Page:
Columbia says goodbye to three genre-specific journals and hello to Allium: A Journal of Poetry & Prose

By Brooklyn Kiosow, Managing Editor

Mike Rundle

With the Master of Fine Arts program changing at Columbia, a conversation to create a new literary journal that encompassed all genres followed soon after.

Allium: A Journal of Poetry & Prose will replace Hair Trigger, Punctuate and Columbia Poetry Review as a multi- and mixed-genre journal.

It is a journal that “crosses genre boundaries,” said Pegeen Reichert Powell, chair of the English and Creative Writing Department.

According to Allium’s submissions page, the name comes from a “flower that includes hundreds of species … [that vary] in size, shape and color.” Allium hopes to “create a similar resistance by publishing diverse creative voices, recognized and emerging writers and a variety of forms and genres.”

Reichert Powell said MFA students entering Columbia next year will be allowed to work across all genres and will no longer be required to declare a specific genre to study, which influenced the department’s decision to create Allium.

“The departments have moved around, and we are back [to being] one big department now … and it felt like a good time to unify our efforts behind a single journal that we could all claim as part of our identity,” Reichert Powell said.

Allium, a print and online publication, plans to have an online fall and spring issue, as well as an annual winter print issue, according to Kenneth Daley, associate professor in the English and Creative Writing Department and editor-in-chief of Allium. Allium’s team hopes to have the first edition of Allium available by this summer or early fall.

While Hair Trigger, Punctuate and Columbia Poetry Review will no longer accept submissions, previous work published through these three journals will remain available on Allium’s archives page once it is active. The editing and production courses associated with those journals will still be available for undergraduate and graduate students to take.

Undergraduate students are hand-selected by faculty for the “Literary Magazine Editing” course based on their demonstration of leadership skills and exceptional writing, according to Alexis Pride, associate professor in the English and Creative Writing Department.

Trevor Templeton, a 2020 creative writing alum, took the course last spring and was able to read student submissions and vote on what would make the cut for Hair Trigger.

For Templeton, taking the course and being able to read for Hair Trigger was a beneficial experience that he said will continue helping students as they read for Allium.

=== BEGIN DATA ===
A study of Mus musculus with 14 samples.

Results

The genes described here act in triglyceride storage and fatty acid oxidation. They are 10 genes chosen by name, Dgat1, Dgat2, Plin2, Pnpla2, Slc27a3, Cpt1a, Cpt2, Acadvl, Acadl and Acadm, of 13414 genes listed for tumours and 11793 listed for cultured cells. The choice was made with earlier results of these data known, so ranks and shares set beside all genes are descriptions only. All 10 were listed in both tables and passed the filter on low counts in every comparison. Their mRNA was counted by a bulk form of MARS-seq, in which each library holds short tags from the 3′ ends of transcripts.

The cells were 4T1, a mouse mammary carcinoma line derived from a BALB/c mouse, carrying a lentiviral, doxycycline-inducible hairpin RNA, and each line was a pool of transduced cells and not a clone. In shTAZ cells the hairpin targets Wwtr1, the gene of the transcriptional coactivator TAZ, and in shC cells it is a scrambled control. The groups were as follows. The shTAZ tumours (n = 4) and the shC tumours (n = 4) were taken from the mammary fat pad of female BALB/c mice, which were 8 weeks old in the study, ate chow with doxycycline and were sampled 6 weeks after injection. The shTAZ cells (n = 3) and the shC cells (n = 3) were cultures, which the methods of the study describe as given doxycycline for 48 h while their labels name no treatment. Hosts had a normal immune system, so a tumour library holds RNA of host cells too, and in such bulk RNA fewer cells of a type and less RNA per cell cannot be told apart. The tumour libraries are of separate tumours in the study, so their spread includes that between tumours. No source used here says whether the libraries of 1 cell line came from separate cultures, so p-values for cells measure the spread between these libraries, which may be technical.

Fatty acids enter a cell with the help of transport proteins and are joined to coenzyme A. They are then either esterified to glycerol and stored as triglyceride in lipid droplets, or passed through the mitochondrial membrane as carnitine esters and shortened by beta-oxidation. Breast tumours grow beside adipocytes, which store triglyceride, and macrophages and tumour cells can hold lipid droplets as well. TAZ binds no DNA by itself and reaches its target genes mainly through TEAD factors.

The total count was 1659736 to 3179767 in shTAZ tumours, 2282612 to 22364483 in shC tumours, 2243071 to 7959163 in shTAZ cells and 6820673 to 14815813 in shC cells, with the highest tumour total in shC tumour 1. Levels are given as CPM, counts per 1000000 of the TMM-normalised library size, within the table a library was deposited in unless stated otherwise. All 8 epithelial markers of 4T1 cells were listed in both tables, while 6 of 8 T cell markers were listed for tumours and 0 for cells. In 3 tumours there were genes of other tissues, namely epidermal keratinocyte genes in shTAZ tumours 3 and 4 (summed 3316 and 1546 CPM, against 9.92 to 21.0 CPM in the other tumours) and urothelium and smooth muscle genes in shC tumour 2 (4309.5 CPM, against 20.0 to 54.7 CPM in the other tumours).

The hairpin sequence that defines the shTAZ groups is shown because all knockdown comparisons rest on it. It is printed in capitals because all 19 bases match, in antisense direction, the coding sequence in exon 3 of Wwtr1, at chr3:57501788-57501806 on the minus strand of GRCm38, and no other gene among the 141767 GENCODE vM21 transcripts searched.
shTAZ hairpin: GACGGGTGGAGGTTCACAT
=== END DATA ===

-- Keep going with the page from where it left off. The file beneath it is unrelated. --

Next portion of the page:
“[Hair Trigger] definitely gave me a stronger sense of narrative and how to recognize that and how to say what’s working and what’s not working in a much more objective way,” he said.

Only a few things will change for the course. Instead of editing only fiction submissions, there will be a focus on editing both fiction and nonfiction submissions, and there will be a companion course for poetry.

Pride, who has taught the course for nearly five years and is teaching it again this semester, is excited about what the change may bring.

“As with every experience where you are at the precipice of change, there is always the sentiment and deep appreciation of what past experiences have offered,” Pride said. “But at the same time, there is the expectation and the excitement as you look toward the future and what the potential of growth and change can also afford you.”

Allium will accept submissions nationally and internationally from published authors while making room for Columbia students.

Pride said she and other faculty members were adamant the production of the magazine remain studentcentered and allow students to grow their professional skill set, give them an opportunity to get published and grant them experience working on a literary magazine.

Delia Rainey, a graduate student in the nonfiction program in the English and Creative Writing Department, read for Punctuate during the Spring 2020 semester. Rainey said she hopes Columbia continues to prioritize student submissions like Punctuate did.

“It builds community … to all be in a magazine together,” she said.

Allium is currently accepting submissions, and Daley said they already have a few hundred submissions ready for students in the “Literary Magazine Editing” course to review.

While Hair Trigger gave Columbia students a better opportunity to get published, Allium has the potential to heighten the magazine as a whole by having contributors from all over the world, Templeton said.

For Daley, the most important thing about Allium is the multitude of student opportunities it offers.

“First and foremost is the experience that our students have,” Daley said. “Some of them will be published in the journal, and it may be their first publication, and many more students will be involved in editing and reading through these submissions, which I think is a really educational and important experience for [students] … interested in creative writing.”

Review Allium’s submission guidelines and submit nonfiction, fiction and poetry pieces for $3 here.